Econostrum | Economic News in the Mediterranean

Start-ups and tech transfers boosting Mediterranean clusters

on Thursday, June 10th 2021 à 15:46 | Read 409 times

The Casablanca Technopark was one of the first technology parks to be created in the southern Mediterranean (photo: F.Dubessy)
The Casablanca Technopark was one of the first technology parks to be created in the southern Mediterranean (photo: F.Dubessy)
Since their arrival on the Mediterranean scene, with pioneers such as the El Ghazala (Tunisia), Berytech (Lebanon) and Casablanca Technopark (Morocco) incubators, innovation ecosystems have taken a firm foothold in the region. Technology parks, or technoparks, and clusters, specializing in particular sectors, have completed the network by pooling industry or business sector skills.
In 2017, The Next Society programme listed 478 active organisations, public or private –sometimes a mixture of both, in the field of innovation, spread over seven countries*, including incubators, clusters, accelerators, co-working spaces, fablabs, and technology transfer agencies. The budding entrepreneurship and innovation culture in the Mediterranean has been hugely aided by the proliferation and professionalism of organisations supporting innovation. New programmes to support entrepreneurship, such as those instigated by talent within the diaspora, have also had an impact, as have the first networks of business angels and the private accelerators offering technical support and financing.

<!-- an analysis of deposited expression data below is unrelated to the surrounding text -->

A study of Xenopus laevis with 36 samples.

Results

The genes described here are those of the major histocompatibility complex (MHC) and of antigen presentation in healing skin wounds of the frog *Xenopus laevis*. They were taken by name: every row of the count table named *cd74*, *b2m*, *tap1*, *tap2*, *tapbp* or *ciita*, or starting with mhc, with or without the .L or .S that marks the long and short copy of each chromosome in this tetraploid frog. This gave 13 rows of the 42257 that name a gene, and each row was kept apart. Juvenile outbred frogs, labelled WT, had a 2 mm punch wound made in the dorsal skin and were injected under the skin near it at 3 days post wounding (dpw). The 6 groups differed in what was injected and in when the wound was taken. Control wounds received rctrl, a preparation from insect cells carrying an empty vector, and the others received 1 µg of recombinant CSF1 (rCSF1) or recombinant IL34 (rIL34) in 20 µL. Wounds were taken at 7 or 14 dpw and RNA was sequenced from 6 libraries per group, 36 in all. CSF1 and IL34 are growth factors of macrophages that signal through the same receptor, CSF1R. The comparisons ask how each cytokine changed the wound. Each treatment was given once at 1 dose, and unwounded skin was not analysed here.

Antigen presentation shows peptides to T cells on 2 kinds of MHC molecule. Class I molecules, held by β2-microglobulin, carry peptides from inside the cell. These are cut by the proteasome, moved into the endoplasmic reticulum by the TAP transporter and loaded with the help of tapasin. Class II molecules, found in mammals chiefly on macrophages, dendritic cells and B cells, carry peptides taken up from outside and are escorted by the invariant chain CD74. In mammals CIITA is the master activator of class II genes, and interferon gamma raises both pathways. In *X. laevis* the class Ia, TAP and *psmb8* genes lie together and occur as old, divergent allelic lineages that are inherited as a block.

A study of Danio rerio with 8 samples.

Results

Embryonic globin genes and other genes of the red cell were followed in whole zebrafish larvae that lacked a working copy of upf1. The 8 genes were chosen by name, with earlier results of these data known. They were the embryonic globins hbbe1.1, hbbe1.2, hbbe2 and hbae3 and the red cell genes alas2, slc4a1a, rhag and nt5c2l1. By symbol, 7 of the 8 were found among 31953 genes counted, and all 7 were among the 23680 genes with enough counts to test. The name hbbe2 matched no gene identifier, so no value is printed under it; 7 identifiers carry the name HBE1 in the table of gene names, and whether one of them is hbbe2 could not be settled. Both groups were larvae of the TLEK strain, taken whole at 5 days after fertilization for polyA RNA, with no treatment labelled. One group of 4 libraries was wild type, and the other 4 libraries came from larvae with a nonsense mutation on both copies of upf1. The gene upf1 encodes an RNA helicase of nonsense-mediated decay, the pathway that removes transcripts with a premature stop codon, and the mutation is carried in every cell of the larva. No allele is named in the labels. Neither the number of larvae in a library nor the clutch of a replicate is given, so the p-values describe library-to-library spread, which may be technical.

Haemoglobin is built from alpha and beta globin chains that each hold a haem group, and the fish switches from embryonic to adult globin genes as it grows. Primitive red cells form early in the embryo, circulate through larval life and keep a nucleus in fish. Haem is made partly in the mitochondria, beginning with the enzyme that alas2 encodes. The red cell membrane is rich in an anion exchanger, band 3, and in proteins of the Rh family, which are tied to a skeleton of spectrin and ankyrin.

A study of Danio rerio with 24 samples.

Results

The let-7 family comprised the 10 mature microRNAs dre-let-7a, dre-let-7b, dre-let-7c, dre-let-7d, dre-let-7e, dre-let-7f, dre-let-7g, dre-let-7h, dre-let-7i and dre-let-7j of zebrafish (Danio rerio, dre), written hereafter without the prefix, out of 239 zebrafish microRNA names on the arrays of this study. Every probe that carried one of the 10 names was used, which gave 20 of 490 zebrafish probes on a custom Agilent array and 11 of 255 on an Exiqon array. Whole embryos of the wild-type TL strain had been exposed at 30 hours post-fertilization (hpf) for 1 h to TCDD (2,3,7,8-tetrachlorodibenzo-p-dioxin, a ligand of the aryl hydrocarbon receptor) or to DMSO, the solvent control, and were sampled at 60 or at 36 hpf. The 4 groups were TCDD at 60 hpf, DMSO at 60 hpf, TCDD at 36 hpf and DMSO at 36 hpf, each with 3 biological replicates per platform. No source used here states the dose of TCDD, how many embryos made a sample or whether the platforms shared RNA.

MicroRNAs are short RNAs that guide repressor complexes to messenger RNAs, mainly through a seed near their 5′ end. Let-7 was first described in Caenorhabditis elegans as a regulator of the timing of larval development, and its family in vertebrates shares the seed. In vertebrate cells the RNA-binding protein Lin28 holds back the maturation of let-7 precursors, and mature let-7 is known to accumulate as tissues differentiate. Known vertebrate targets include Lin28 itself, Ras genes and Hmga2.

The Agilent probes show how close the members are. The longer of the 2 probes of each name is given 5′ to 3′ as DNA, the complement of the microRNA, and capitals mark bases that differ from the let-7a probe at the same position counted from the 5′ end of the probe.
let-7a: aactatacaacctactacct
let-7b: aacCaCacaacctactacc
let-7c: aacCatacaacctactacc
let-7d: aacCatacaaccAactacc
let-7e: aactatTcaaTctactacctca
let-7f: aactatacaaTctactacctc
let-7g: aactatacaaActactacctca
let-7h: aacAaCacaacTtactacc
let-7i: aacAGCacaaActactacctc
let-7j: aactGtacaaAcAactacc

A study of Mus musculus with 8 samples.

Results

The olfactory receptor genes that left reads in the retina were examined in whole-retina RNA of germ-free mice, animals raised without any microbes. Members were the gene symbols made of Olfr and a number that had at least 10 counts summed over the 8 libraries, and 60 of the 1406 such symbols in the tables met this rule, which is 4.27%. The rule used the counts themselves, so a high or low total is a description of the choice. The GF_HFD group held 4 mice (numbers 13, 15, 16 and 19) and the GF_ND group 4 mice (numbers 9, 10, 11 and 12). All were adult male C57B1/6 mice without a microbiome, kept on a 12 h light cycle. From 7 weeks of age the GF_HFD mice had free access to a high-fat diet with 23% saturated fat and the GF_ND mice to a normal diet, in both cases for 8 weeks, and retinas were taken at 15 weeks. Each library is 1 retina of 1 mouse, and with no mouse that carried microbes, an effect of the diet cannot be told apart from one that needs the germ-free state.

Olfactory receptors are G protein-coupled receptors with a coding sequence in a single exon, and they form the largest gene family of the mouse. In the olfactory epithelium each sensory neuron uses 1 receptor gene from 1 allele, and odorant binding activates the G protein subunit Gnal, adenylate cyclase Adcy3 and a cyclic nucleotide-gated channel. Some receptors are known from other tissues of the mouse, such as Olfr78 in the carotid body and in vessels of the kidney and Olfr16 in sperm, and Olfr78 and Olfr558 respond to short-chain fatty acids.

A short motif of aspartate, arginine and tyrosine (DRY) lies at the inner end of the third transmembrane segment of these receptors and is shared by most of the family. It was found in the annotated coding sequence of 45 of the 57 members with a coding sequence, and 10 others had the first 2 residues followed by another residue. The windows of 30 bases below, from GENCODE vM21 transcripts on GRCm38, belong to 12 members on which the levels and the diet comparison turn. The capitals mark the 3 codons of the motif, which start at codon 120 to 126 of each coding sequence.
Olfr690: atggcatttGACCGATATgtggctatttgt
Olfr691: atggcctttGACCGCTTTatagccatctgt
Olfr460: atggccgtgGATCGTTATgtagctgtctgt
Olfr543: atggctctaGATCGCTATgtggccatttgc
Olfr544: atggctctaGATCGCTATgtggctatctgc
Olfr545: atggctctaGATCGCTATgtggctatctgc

“Traditionally, clusters have followed a rationale that involves grouping together by region. And it’s using that approach, more joining together rather than actually collaborating, that they have organised themselves,” reflects Mathias Fillon, The Next Society’s coordinator at the Anima Investment Network.
Today, they are seeking fresh impetus. “Clusters need to seize the opportunity their special place within the ecosystem (fostering SME-research-start-up exchanges within a same industry or local area) gives them to ensure a comprehensive flow of innovation skills and technologies,” points out Mathias Fillon.

Boosting cluster attractiveness for start-ups

An Economic and Social Commission for Western Asia (ESCWA - UN) report published in 2017 underlined the importance of a new direction for clusters “with a view to boosting the efficiency of the national innovation system”. According to the document, this would enable a “better reconciliation of local industries’ needs with the innovation emanating from research stakeholders and start-ups”.
For Mathias Fillon, this approach, with clusters as a catalyst, “would provide a national outlet for the innovation supported by start-ups, research centres and universities”. It would also avoid “innovators and SMEs squandering efforts to seek funding, industrial partnerships or to acquire technology.”
Moreover, this connection between clusters and businesses would boost value creation at the national level by reducing the need to import foreign innovation. All these advantages would enhance the attractiveness of clusters for start-ups.

*Algeria, Egypt, Jordan, Lebanon, Morocco, Palestine and Tunisia.